The weekend in Inishmór
The other week I made my second visit to Ireland this year. It was a much shorter trip than the one I took in August, and had a very different feel to it. This time around I was there primarily to visit some friends of mine, whereas the last time around I was there to tour the country. My friend Rachel and her boyfriend James were kind enough to let me stay in her home in Limerick for the few days I was over, and for the most part we just relaxed.
The one big plan for the weekend was to visit Inis Mór, one of the Aran Islands located in Galway Bay. The islands are known for their strong Irish culture and loyalty to the Irish language and are only accessible by a small plane or boat. To get there we had to take about a three hour drive north past Galway and through Connemara to a ferry in Ros a' Mhíl. The ferry ride was about an hour long, and we arrived on the island sometime after dark.
The first thing that struck me was how quiet the island was. Aside from the few cars that were waiting at the pier when we arrived, there wasn't a vehicle in sight. The sky was perfectly clear and we could see ten times as many stars as I could ever see back home in Derby, and aside from the waves crashing and a few teenagers playing on the steps near our hostel, there wasn't a sound.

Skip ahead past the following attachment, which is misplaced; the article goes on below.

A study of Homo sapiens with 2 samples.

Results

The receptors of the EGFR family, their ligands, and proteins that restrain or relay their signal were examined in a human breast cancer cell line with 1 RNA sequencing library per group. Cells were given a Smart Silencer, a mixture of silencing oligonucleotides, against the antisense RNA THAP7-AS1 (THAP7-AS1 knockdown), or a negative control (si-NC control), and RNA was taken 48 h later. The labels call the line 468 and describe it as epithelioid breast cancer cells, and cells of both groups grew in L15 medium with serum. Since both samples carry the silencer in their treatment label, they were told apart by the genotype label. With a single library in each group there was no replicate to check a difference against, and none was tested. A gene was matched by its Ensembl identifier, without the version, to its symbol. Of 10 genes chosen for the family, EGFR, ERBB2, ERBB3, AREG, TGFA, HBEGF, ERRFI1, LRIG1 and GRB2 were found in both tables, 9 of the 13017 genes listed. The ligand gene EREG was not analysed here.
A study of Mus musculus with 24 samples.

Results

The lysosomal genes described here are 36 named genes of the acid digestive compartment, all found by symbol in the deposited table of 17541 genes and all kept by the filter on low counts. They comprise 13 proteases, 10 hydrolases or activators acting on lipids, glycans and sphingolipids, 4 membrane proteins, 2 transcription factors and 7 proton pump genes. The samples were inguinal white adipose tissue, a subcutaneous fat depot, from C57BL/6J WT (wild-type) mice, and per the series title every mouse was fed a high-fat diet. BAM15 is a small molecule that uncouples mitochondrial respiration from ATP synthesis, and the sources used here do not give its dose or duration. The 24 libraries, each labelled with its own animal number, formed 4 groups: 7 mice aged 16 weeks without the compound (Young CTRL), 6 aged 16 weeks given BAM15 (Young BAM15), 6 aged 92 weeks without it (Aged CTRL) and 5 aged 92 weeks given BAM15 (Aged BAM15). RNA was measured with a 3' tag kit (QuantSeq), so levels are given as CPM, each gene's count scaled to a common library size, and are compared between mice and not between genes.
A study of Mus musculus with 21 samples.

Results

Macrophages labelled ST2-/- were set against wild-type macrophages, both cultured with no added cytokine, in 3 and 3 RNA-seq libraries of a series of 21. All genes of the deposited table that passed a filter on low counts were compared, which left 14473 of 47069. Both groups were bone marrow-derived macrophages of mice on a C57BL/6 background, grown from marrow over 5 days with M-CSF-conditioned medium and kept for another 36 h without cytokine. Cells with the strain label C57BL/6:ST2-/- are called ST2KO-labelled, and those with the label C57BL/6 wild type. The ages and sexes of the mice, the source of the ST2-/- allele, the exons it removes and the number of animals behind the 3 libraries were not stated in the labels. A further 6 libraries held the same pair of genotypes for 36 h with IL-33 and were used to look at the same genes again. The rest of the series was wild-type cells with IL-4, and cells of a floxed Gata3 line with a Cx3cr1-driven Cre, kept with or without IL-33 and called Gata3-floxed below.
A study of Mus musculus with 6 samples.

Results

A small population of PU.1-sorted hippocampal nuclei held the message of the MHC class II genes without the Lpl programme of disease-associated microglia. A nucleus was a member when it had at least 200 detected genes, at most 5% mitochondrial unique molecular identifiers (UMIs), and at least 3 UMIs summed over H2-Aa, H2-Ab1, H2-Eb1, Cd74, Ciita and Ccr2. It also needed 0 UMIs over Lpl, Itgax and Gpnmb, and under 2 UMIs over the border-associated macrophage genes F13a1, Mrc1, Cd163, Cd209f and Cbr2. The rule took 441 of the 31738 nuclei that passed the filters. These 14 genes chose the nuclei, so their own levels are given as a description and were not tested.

At night we walked up the hill to a pub called Joe Watty's. They had some of the best Guinness I've ever had and the experience was a memorable one. There were some regulars, some sober, some drunk.. one guy with no teeth and drool all over his face who was stumbling from one table to a next trying to find someone to join him for a dance. Then there some people visiting from the mainland of Ireland, including a man from Dublin sitting on a stool in front of the musician singing along, who dropped his pint on the floor then made his way towards our table for a sloppy sing-a-long of the Saw Doctor's "N17" – a song I had never heard before until that night. By the time the night was over we found ourselves acquainted with a number of people, including three other Seans – a first in my life.
In the morning the three of us rented bikes for the day. Since there aren't many cars this is the primary way to get around the island. We rode from Killronan, the main town of the island, to a prehistoric fort on the cliffs about four miles away known as Dún Aengus.